Pippi Longstocking, created by Swedish author Astrid Lindgren, provided a new definition of female strength. A sea-captain’s daughter, Pippi and her father get caught in a storm and her father goes overboard. Pippi waits for her father’s return at her home: Villa Villekulla (pronounced Villa Villa Coola). She lives with her monkey and her horse, but without adults.
I grew up fascinated by the animated movie (1997) where this red haired child knew no social constraints, lived life shouting with joy, had the strength to pick up her horse (literally. She has unexplained super strength.) and all the while remained at heart a vulnerable child. As a junior in high school, my heroes were the muscled men of Dragon Ball Z. I desired the gritty, physical strength of beating an opponent. But rekindling my childhood love of Pippi reminded me that strength does not lie in conquering others. When I stumbled upon my childhood favorite film, I rediscovered that women could be both physically and mentally strong without having to prove it through physical violence.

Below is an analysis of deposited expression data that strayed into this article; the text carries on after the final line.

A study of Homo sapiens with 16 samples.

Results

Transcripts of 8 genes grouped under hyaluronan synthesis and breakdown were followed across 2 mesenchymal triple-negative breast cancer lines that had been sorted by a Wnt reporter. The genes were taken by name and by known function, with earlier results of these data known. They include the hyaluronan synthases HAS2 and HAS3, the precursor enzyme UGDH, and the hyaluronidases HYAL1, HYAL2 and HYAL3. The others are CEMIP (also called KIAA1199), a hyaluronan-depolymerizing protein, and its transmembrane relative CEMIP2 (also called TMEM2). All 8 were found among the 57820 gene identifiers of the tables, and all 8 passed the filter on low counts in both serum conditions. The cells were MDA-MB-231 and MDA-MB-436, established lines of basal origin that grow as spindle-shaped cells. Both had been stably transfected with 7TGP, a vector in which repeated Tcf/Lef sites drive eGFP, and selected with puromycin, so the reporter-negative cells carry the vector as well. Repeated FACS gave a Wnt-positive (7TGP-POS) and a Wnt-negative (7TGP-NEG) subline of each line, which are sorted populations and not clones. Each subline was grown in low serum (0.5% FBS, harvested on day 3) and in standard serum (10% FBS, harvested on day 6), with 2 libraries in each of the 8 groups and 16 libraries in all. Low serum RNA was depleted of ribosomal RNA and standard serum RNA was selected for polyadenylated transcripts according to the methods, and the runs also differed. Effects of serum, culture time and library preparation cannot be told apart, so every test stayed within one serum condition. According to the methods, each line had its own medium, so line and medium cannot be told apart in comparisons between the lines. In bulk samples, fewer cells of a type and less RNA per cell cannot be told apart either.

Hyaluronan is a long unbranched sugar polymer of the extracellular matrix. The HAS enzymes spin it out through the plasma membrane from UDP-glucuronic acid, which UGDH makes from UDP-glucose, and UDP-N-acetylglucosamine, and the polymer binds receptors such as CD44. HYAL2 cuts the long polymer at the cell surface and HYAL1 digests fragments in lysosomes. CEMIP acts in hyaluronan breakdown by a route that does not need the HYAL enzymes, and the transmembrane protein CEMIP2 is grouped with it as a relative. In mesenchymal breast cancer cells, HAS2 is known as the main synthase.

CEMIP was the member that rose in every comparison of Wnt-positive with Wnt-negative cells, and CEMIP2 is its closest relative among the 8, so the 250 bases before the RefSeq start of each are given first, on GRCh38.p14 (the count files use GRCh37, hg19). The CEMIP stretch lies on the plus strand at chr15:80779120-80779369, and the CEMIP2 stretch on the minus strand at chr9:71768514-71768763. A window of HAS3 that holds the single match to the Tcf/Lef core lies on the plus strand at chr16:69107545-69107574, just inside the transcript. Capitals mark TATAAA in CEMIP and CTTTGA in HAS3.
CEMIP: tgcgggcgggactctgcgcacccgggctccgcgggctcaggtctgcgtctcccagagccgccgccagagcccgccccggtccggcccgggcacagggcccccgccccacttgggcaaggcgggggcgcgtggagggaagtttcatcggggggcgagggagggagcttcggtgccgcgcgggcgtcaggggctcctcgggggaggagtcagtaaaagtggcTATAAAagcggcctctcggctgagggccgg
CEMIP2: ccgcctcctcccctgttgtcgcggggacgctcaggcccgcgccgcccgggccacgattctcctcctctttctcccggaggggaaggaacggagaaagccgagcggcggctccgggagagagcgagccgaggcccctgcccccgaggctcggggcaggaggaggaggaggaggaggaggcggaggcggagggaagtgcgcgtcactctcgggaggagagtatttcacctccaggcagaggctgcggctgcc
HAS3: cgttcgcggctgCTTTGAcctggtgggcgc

Pippi lives each day as an adventure she doesn’t plan to miss. In the opening to the film, she sings, “I am the sea and nobody owns me.” Before I would even begin to call myself a feminist, I was writing this phrase again and again as a mantra into my journal: nobody owns me. What could be more feminist than claiming ownership over your actions and desires? What better lesson can we teach young girls?
Pippi is magic. She has no love interest. She is not a child version of a manic-pixie-dream-girl. Her joy and her exuberance is for her. But what further strikes me is that the film knows Pippi cannot be joyous one-hundred percent of the time. Particularly in the quiet moments at night, waiting for her father’s return, I love her all the more. She has hope that her father survived. She has hope that all loneliness can be conquered. At her core, Pippi holds strength and vulnerability.